THE TESLA WORLD LIGHT
TESLA 'LUMIÉRE MONDIALE'
Original Title:TESLA 'LUMIÉRE MONDIALE'
OTTAWA
PREMIERE
FILMMAKER WILL BE
IN ATTENDANCE
screening as part of
This program is rated:
Recommended for mature audiences only
Director(s): Matthew Rankin
Production Company:National Film Board of Canada
Distribution Company:National Film Board of Canada
Year of Production:2017
Nationality:Canada
Screening Format:DCP
Running Time:08:18
Techniques:Experimental (Light painting, live action & etc) TBC
Category:Narrative Short Animation

Synopsis:
New York, 1905. Visionary inventor Nikola Tesla makes one last appeal to J.P. Morgan, his onetime benefactor. THE TESLA WORLD LIGHT is a tragic fantasy about the father of alternating current, inspired by real events such as the inventor’s run of bad luck as a businessman and his affection for a pet bird, which he loves “like a man loves a woman.” Tesla’s words to the banker form the backdrop of this moving film about the man who blended science and art in his attempts to create the utopia of unlimited energy for all. Filmmaker Matthew Rankin (Mynarski Death Plummet) works as much in the tradition of experimental cinema as in animated documentary. He uses an aesthetic reminiscent of the early 20th-century European avant-garde, to electrifying effect. A luminous and deeply original world unfolds around Tesla, bursting with bright ideas. The film resonates with feverish energy, culminating in a spectacular finale that is both a vision of horror and a creative epiphany—an explosive homage to Tesla’s incandescent genius and his towering position as a symbol of modernity.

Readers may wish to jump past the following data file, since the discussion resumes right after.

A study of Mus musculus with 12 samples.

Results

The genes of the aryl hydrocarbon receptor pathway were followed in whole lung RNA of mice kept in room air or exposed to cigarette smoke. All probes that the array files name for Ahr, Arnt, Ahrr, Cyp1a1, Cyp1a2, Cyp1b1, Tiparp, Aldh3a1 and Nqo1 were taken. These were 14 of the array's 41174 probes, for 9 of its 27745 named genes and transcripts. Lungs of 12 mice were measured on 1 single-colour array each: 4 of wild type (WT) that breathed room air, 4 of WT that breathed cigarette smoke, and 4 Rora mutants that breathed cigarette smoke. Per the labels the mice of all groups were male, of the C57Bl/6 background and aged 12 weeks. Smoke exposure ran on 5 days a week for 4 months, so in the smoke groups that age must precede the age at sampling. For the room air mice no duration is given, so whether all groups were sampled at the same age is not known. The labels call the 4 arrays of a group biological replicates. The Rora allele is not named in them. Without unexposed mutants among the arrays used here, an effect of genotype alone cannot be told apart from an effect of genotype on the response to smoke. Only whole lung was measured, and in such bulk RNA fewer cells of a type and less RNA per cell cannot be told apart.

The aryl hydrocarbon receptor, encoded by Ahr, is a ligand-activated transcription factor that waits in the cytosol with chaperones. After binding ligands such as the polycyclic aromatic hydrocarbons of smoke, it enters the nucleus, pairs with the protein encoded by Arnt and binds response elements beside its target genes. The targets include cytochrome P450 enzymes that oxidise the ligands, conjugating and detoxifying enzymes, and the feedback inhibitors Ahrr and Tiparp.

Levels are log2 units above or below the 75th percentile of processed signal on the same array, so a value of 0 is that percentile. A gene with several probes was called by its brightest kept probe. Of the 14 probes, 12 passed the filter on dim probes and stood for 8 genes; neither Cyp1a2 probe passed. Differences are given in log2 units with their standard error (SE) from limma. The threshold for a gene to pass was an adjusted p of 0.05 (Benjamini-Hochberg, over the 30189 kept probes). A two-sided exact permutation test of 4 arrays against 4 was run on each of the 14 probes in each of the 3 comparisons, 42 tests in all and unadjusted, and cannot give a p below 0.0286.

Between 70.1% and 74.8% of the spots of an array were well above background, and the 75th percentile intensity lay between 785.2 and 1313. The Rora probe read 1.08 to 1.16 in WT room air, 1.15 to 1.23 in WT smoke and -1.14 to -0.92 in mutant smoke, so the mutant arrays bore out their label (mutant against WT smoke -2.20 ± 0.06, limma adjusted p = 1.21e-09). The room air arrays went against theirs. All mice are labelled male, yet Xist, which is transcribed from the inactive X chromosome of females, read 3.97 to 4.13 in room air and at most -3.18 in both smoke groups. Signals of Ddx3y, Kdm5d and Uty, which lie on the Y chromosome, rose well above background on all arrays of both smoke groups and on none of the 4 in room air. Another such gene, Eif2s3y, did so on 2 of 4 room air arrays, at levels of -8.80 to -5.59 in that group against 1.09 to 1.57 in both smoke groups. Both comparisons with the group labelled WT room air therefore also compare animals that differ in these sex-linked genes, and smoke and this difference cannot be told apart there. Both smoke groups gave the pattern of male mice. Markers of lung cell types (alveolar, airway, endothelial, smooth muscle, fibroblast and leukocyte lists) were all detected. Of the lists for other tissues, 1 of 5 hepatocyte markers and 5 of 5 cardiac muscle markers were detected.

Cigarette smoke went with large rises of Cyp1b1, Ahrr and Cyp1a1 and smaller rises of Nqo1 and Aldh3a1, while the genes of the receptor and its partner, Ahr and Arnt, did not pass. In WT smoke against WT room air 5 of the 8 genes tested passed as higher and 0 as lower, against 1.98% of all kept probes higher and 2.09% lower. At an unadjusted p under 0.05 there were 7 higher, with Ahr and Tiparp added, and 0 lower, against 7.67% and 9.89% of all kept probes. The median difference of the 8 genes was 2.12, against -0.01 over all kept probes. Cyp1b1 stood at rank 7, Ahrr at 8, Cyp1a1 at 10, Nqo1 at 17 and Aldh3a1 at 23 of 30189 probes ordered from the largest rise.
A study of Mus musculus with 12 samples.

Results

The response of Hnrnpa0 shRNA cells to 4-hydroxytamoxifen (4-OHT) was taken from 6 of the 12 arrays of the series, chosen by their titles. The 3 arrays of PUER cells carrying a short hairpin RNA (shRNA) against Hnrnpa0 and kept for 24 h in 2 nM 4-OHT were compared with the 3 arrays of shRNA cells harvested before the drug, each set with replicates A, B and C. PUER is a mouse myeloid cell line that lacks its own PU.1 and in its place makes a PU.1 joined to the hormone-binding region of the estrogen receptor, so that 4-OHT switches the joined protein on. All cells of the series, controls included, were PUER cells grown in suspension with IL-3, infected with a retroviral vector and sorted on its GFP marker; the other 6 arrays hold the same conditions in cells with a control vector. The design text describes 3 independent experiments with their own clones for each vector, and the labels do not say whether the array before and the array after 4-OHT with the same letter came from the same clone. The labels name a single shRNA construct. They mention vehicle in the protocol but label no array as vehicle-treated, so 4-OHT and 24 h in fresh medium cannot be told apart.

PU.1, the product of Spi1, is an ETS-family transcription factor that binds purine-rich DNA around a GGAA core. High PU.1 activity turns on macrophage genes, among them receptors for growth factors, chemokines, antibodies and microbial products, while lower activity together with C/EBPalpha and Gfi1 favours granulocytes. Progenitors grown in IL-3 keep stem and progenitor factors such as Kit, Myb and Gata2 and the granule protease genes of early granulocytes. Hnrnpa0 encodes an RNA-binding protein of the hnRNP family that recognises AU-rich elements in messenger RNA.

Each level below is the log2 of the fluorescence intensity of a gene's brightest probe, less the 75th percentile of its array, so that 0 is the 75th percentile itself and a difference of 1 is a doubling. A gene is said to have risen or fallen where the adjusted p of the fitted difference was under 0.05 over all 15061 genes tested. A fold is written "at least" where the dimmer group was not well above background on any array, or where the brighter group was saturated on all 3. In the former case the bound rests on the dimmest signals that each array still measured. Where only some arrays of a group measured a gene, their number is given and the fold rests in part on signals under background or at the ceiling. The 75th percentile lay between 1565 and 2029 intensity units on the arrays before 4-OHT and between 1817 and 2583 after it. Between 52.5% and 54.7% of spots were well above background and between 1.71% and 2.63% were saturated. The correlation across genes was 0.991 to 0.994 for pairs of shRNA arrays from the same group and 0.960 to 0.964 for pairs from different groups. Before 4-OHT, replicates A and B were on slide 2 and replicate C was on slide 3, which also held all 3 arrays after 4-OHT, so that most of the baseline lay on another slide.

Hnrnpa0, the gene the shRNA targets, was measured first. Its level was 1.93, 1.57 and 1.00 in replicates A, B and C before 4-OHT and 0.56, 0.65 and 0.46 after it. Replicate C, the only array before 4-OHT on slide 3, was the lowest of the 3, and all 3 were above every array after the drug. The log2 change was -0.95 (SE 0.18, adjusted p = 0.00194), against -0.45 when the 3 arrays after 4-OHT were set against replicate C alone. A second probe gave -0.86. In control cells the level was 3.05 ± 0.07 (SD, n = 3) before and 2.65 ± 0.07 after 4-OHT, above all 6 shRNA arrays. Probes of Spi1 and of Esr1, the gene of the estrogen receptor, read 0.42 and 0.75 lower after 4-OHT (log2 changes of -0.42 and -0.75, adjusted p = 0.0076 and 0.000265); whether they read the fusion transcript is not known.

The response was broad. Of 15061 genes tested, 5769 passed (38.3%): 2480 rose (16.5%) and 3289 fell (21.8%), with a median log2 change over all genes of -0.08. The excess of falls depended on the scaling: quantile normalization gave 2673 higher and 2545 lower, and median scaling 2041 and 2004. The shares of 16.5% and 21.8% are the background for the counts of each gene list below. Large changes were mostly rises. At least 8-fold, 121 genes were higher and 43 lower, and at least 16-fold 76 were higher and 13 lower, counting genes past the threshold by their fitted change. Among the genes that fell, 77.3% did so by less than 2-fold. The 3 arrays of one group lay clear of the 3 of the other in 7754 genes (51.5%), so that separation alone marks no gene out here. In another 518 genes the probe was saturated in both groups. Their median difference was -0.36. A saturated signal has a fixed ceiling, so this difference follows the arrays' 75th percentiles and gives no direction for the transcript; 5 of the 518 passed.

Matthew Rankin
About Matthew Rankin
Matthew Rankin was born in Winnipeg. He studied Québec history at McGill University and Université Laval before devoting himself to filmmaking. His work features a blend of genres, the use of historical or documentary elements, and a referential, lyrical aesthetic. Two films exemplary of his approach are Tabula Rasa (2011), inspired by the Winnipeg flood of 1950, and Mynarski Death Plummet (2014), about the death of Canadian war hero Andrew Mynarski. His style can be likened to that of Guy Maddin and Deco Dawson, eminent members of what might be called the “Winnipeg School.” Rankin frequently makes use of experimental techniques, in particular direct manipulation of the film itself. Cattle Call (co-produced with Mike Maryniuk, 2008) is typical of this approach. Three of his films have competed at the Sundance Film Festival (Negativipeg, 2010; Tabula Rasa, and Mynarski Death Plummet), two of which were nominated for Québec cinema awards, while Mynarski Death Plummet won the Off-Limits award at the Festival international du film d’animation d’Annecy. Tabula Rasa was featured at SXSW, at the Rendez-vous du cinéma québécois, and at the Prends ça court awards. Matthew Rankin was awarded a National Media Arts Prize in 2014 for his body of work. He is currently working on his first feature film, entitled The 20th Century.